Leave a float plan with a friend or relative.
Before you go out
- Plan your route as close to shore as can safely be navigated.
- Plan your route so emergency assistance can reach you if needed.
- Learn and practice safe boating procedures by taking a boater education course.
- Study marine charts and keep them on board your boat.
- Check the weather forecast before you get underway. Look for:
- Approaching fronts
- Expected winds and rainstorms
- Wind velocity and direction
- Fog possibilities
- Tidal conditions.
Don't mix alcohol and boating. More than 40% of fatal boating accidents involve alcohol use by the boat operator or passengers.
On the water
- Be aware of and avoid potential hazards including
- Wind, weather, and tidal conditions
- Waves and fast currents
- Shallows, stumps, and debris
- Other boat traffic
- Vessel failures
- Passengers' medical conditions.
- Stay within protected coastlines with surf under 1 foot.
- Wear protective clothing and expect to get wet. Have extra jacket or space blanket on board. Wear a wet suit to prevent hypothermia.
- Wear a life jacket that's the proper size and fit. Most fatalities occur when someone falls overboard or the boat capsizes. Nine out of ten people who drown were not wearing life jackets.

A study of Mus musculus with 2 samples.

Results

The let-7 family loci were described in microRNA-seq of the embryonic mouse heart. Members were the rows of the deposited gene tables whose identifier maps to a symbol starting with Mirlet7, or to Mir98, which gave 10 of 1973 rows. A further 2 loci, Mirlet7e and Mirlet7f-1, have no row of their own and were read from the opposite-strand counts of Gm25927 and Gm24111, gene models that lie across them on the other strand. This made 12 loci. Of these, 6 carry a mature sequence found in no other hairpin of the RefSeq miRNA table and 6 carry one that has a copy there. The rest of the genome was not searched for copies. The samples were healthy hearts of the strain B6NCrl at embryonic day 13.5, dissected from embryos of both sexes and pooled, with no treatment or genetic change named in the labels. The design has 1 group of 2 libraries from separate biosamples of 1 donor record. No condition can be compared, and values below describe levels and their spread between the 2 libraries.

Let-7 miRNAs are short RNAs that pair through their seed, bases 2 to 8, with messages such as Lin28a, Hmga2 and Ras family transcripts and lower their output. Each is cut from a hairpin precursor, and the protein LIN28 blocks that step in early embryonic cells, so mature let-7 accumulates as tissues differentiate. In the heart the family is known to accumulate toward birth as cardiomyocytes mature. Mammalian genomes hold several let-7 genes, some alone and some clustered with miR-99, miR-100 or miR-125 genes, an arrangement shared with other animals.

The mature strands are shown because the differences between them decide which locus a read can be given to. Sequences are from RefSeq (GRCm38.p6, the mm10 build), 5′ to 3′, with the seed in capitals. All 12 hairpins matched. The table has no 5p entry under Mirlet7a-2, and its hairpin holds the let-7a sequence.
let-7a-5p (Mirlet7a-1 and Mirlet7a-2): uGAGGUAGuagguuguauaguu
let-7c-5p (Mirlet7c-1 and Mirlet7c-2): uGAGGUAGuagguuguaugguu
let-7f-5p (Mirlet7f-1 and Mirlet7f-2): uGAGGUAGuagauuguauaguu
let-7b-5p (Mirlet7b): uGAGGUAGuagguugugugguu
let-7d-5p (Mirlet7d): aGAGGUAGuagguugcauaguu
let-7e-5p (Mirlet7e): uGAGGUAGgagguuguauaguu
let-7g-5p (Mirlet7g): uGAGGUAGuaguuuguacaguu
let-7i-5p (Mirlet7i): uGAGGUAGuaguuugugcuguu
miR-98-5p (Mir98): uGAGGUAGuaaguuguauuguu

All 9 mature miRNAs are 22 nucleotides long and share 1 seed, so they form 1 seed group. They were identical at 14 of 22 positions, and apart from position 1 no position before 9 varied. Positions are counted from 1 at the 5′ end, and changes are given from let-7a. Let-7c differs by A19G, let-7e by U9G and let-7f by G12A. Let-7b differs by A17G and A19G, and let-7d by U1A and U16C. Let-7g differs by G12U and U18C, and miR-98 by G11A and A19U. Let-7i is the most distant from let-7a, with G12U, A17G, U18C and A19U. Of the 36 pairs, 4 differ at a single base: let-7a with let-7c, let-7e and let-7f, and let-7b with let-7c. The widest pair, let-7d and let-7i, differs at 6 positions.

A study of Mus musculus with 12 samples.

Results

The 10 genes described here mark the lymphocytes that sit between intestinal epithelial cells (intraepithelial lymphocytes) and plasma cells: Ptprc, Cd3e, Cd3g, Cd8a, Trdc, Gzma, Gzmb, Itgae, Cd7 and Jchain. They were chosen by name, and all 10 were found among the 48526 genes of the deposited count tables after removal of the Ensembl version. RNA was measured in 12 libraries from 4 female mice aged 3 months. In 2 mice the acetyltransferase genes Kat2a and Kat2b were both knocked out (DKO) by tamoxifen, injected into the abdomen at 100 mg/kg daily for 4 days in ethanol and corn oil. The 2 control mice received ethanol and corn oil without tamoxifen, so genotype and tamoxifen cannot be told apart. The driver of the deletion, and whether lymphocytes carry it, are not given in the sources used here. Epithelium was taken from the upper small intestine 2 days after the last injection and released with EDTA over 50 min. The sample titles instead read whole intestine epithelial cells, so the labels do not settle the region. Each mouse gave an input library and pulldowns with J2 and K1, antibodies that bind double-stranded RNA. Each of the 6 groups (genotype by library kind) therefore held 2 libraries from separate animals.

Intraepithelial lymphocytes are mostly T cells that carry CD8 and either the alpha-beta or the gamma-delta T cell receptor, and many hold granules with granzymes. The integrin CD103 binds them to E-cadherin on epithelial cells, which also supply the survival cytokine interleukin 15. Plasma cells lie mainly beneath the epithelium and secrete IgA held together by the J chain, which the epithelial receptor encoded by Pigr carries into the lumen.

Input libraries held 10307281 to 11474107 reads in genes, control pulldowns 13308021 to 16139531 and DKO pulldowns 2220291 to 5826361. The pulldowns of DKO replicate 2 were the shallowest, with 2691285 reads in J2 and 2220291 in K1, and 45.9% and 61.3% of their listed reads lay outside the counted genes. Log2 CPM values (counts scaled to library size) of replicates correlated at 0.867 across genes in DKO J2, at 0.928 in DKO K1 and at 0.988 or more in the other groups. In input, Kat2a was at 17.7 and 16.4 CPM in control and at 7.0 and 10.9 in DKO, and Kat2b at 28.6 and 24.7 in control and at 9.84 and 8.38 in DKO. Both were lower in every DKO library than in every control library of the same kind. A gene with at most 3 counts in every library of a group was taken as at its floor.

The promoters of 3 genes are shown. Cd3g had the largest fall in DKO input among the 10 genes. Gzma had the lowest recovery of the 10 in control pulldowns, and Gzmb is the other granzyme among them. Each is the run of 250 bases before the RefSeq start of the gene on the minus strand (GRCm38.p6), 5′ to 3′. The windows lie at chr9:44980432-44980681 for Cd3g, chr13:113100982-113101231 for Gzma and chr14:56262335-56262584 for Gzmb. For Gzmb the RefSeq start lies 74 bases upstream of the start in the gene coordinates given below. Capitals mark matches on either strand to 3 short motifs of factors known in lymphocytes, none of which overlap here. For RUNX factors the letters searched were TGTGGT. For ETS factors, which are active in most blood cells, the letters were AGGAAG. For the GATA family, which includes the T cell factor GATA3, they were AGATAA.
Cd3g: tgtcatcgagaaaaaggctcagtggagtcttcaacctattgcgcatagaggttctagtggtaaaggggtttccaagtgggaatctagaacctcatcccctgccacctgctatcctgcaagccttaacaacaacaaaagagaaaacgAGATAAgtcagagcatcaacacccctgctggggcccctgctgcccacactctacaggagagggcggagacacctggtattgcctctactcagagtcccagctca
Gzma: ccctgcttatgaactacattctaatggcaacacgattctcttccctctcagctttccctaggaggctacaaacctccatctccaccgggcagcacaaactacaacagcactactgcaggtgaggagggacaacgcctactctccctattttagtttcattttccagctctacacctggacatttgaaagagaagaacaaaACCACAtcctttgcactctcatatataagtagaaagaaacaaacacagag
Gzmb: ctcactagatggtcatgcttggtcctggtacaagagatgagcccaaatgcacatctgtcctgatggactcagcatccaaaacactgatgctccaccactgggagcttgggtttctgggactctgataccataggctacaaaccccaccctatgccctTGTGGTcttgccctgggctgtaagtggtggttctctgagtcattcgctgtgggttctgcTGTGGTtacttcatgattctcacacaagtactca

- Follow navigation rules. Know where your danger zone is. Stay on the correct side of the waterway.
- Don't overload your boat with people or equipment.
- Maintain a safe speed for conditions. When driving a large vessel, slow down when passing smaller boats in narrow channels.
- Never stand in or on a vessel that is underway, and always use a handhold when moving about in or on any vessel.
Waterskiing, wakeboarding, and jet skiing
- Ski/board in a counter-clockwise direction and only in open areas with little or no boat traffic.
- When operating a jet ski, stay away from larger boats and don't try jumping their wakes.
- A jet ski is a Class A motorboat and is bound by the same rules as other vessels on the water.